An emergency preparedness plan for your employees is essential to ensure the safety and survival of everyone in the wake of a disaster, and to minimize damages to your business. Talking with your employees about preparing for emergencies should be included in any orientation and ongoing training. There are also other opportunities to discuss the issue, and keep it fresh in their minds. With a plan in place, you’ll be able to continue operations if possible.
Revise and Review Employee Handbook
The easiest way to talk about emergency preparedness with employees is to include a plan in an employee handbook. If you’re a small business owner with no handbook, write a short document detailing your plan, which should include (if applicable):
- Procedures for employees to contact family members (if phone lines are limited)
- Checklist for closing the office
- Point of contact for employees to inform employers of their well being if at home or elsewhere
- Phone tree lists
- Wellness Check Form, asking questions such as: 1) Are you and your family safe, 2) Do you have power on, 3) What are your food, water and medical needs?
You can require employees to fill out a short form to verify that they’ve reviewed this section, and provide them an opportunity to ask questions or make suggestions.
Solicit Input on Preparedness Supply Purchases
Use a meeting to discuss emergency preparedness, and to solicit input from employees. Introduce and couch the topic as something that makes sense in little areas, not just in major catastrophes. Use a whiteboard, computer and projector screen or large newsprint pad to record a list of suggestions made by your employees for preparedness related purchases. Ask questions as items are named, such as “Why would we need that?”, “Which Preparedness Kit would be best for our company” or “How could we use that in the case of a flood?”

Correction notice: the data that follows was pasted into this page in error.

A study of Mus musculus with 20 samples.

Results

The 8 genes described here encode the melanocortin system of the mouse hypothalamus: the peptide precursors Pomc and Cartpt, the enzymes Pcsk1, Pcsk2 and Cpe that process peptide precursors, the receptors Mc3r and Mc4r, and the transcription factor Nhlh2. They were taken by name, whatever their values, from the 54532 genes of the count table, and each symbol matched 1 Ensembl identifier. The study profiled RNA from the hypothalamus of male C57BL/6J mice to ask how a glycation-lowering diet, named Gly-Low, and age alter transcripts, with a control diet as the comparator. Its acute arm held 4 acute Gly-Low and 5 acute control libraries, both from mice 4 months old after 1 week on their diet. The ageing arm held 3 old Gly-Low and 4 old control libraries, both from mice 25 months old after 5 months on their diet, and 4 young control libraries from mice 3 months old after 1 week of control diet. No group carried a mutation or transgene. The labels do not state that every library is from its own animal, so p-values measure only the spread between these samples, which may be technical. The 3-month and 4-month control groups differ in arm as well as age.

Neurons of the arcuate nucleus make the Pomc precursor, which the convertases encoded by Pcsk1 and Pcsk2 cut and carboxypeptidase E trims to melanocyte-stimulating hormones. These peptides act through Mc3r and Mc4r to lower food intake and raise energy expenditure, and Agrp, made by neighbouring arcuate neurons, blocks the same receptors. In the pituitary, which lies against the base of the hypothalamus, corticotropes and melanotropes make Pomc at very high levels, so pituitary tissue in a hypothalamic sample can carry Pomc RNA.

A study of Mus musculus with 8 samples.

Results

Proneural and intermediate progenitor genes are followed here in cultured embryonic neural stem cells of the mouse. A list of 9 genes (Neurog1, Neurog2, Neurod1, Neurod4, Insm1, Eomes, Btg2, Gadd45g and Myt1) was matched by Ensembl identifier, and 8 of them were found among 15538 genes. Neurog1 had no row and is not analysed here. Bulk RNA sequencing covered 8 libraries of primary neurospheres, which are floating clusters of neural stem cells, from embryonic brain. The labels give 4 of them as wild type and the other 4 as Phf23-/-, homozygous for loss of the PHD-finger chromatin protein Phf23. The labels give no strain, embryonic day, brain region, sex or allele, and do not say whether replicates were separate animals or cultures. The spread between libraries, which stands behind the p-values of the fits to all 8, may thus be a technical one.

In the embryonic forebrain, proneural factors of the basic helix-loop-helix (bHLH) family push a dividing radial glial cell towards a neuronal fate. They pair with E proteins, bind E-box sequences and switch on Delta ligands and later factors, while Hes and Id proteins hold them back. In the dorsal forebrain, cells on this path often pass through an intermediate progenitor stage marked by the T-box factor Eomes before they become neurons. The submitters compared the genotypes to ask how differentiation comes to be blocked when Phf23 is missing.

Disaster Preparedness Plan and Training
Hold training for employees on emergency preparedness, during work time, so that they’re paid for attending. That will help to set the tone for the importance of preparedness, because you would have made an investment in your time and their wages to talk and learn more about the topic. Purchase a DVD on the subject to show to employees and follow up with a discussion. Another alternative is to hire an expert to conduct a training session for a couple of hours or a half day session to address emergency preparedness in the workplace. Encourage employees to actively participate in the workshop and to ask questions. Provide an incentive if possible for completing related worksheets. If time permits, include training on disaster preparedness at home. You’ll keep the employees even more interested in the topic, and they’re more likely to remember and apply the information.
The more prepared your employees are, the better it will go in a crisis for their families and for your business. Make the purchases and hire the experts necessary to help in your discussions with employees about emergency preparedness.